By Student Delegate Mariah Harrod
This past summer, the Government of Seychelles amended its Nationally Determined Contribution (NDC) to set stronger safeguards for its coastal wetlands. The updated NDC sought protection and restoration for seagrass and mangroves, in particular, committing the archipelago to conserve 50% of these ecosystems by 2025 and 100% by 2030. To measure progress, the country will create a monitoring program and begin mapping seagrass reserves using satellites and field data. Notably, fulfilling these goals depends upon the small island nation’s ability to secure funding from other nations.
Seagrass is currently gaining increasing recognition for its carbon-sequestering ability. These nondescript, submerged plants grow along the coasts of nearly every continent and store carbon through their remarkably long roots. Though these plants compose of under 0.2% of ocean area, they account for 10% of the carbon drawn into the ocean floor and have twice the sequestering potential per hectare as a forest.
Seagrass provides additional ecosystem services beyond climate mitigation. Its extensive root network helps prevent coastal erosion—a constant threat for island nations already losing ground to sea level rise—and filters the water by trapping sediment. Its aboveground vegetation prevents flooding and buffers against waves from weather events worsened by climate change. Seagrass also furnishes habitat for sea turtles, fish, crabs, scallops, and dugongs. Several species that depend upon seagrass are endangered, further highlighting the critical role these plants play globally.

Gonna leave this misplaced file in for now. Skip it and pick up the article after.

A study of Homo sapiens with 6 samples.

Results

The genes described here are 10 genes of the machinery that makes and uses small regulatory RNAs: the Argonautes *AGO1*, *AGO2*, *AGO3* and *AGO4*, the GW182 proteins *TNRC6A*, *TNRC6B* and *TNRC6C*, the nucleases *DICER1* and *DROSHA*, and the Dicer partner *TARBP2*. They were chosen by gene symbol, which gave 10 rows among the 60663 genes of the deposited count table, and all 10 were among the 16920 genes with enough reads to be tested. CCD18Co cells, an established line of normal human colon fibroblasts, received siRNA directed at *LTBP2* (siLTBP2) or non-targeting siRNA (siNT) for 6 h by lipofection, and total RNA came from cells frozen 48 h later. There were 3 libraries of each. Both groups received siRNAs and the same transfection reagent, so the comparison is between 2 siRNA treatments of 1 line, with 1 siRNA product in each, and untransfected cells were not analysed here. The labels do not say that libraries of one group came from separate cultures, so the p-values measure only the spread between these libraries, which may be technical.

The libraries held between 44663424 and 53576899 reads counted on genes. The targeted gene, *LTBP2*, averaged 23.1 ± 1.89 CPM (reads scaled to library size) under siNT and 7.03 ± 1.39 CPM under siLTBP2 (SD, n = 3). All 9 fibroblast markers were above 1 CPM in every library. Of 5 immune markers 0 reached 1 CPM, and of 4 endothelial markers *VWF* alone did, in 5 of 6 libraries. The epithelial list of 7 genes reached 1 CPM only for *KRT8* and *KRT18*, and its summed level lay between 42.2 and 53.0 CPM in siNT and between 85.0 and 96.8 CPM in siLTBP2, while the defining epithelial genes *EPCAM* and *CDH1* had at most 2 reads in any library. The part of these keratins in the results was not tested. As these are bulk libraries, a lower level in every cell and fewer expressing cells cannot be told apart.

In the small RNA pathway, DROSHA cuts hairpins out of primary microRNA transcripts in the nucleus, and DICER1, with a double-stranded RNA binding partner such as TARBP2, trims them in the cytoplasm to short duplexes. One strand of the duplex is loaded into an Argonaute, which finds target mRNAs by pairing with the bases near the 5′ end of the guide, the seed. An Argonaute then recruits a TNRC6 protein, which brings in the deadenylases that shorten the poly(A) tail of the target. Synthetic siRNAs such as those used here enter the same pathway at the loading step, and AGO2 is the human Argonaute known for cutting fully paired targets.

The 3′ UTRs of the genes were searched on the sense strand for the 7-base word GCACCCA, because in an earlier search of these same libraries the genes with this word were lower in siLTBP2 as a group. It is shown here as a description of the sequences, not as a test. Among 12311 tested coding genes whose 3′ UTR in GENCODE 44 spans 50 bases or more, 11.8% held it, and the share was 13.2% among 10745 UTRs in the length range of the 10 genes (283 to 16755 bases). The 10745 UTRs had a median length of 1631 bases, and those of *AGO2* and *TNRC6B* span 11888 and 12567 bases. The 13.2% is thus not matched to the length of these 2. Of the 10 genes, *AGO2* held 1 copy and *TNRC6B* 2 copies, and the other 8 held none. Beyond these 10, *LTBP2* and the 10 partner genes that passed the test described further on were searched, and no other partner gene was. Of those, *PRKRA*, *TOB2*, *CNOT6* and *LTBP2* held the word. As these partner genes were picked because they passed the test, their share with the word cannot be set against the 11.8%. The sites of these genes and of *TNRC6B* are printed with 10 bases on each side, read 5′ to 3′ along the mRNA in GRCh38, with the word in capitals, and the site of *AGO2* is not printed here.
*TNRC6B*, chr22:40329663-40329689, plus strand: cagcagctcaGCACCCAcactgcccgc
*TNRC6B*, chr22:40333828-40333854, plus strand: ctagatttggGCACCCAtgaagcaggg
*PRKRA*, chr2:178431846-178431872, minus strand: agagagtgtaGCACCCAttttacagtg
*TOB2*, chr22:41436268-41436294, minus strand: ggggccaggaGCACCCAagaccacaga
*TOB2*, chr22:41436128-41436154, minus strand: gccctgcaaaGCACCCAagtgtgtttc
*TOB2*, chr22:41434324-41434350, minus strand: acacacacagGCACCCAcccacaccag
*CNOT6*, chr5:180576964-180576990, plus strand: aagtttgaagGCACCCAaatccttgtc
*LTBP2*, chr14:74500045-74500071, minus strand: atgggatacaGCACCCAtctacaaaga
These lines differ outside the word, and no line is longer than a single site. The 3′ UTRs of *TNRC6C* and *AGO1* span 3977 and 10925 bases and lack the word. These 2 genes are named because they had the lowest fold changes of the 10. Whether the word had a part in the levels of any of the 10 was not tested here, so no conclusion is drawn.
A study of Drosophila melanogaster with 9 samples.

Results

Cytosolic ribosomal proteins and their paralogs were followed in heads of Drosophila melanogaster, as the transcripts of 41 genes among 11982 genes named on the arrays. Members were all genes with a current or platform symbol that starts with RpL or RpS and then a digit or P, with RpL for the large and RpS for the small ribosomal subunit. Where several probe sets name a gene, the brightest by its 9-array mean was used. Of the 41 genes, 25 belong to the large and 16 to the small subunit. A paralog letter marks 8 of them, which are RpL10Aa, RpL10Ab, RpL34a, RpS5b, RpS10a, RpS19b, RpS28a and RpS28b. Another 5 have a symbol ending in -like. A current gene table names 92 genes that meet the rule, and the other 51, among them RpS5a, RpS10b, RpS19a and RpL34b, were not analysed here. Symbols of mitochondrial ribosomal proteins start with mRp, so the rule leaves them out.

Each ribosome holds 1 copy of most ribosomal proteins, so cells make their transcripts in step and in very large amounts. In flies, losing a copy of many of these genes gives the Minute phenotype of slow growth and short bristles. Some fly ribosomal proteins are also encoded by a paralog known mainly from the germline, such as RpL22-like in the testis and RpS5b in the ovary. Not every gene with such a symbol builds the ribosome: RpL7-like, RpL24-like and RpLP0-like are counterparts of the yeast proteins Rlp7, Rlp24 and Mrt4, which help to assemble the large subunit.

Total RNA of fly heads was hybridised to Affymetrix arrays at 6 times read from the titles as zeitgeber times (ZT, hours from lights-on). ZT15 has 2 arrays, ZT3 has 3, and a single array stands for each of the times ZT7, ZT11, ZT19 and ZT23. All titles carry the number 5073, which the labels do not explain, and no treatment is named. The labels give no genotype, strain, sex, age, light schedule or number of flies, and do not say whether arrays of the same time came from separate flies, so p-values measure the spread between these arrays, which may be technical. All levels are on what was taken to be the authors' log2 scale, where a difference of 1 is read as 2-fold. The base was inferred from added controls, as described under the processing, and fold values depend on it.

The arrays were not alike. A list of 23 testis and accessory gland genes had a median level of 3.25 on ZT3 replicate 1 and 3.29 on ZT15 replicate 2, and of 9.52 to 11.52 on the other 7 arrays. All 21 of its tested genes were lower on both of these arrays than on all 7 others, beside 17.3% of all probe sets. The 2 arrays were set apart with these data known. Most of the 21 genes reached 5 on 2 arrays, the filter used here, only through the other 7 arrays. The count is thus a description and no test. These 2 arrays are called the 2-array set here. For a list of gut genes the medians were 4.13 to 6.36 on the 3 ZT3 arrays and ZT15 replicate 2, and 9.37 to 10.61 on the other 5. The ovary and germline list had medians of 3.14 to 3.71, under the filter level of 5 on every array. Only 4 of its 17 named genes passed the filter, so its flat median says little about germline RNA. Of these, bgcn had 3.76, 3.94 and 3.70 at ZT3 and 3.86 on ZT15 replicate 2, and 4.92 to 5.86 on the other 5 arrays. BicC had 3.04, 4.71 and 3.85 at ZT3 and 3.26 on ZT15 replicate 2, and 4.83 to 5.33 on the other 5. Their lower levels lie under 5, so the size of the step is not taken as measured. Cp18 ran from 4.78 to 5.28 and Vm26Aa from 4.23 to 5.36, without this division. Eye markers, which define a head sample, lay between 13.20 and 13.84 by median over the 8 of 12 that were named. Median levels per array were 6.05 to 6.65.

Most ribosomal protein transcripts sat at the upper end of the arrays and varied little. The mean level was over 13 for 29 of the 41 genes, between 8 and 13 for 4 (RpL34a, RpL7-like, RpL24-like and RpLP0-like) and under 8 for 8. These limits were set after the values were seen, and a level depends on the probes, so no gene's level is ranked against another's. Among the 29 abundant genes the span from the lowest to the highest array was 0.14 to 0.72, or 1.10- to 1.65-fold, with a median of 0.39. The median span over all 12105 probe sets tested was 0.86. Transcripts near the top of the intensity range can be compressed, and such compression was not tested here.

Importantly, the Seychellois people also rely on these ecosystems for economic opportunities. The wildlife inhabiting seagrass patches provide food security and financial support for local communities that may have few—or less desirable—economic opportunities. Compared to charismatic blue carbon plants like mangroves, underwater seagrass has limited ecotourism potential.
Despite the growing acclaim of seagrass in the climate context, these ecosystems continue to be extremely threatened. Some sources estimate that 35% of all seagrass meadows have been destroyed at a rate of about 1.5% per year. These impacts are largely attributed to water pollution from deforestation and dredging. Destruction of seagrass meadows not only removes valuable carbon sequestration—it triggers the release of large stores of buried carbon as the plants decompose. Recent studies indicate that the degradation of seagrass, mangrove, and salt marsh ecosystems produces emissions roughly equivalent to the emissions of the United Kingdom.
The wealth of its benefits—and dangers threatened by its loss—necessitate collective global action to protect seagrass meadows. The Seychelles has become a pioneer on this front, boldly setting ambitious standards for conserving these ecosystems. The nation’s mapping efforts and carbon assessment will lead to new technologies and strategies for combatting climate change globally. Accordingly, developed nations must financially support these projects: not just to extend an olive branch for our negative climate impacts to island nations, but as a blue-green investment for our own futures.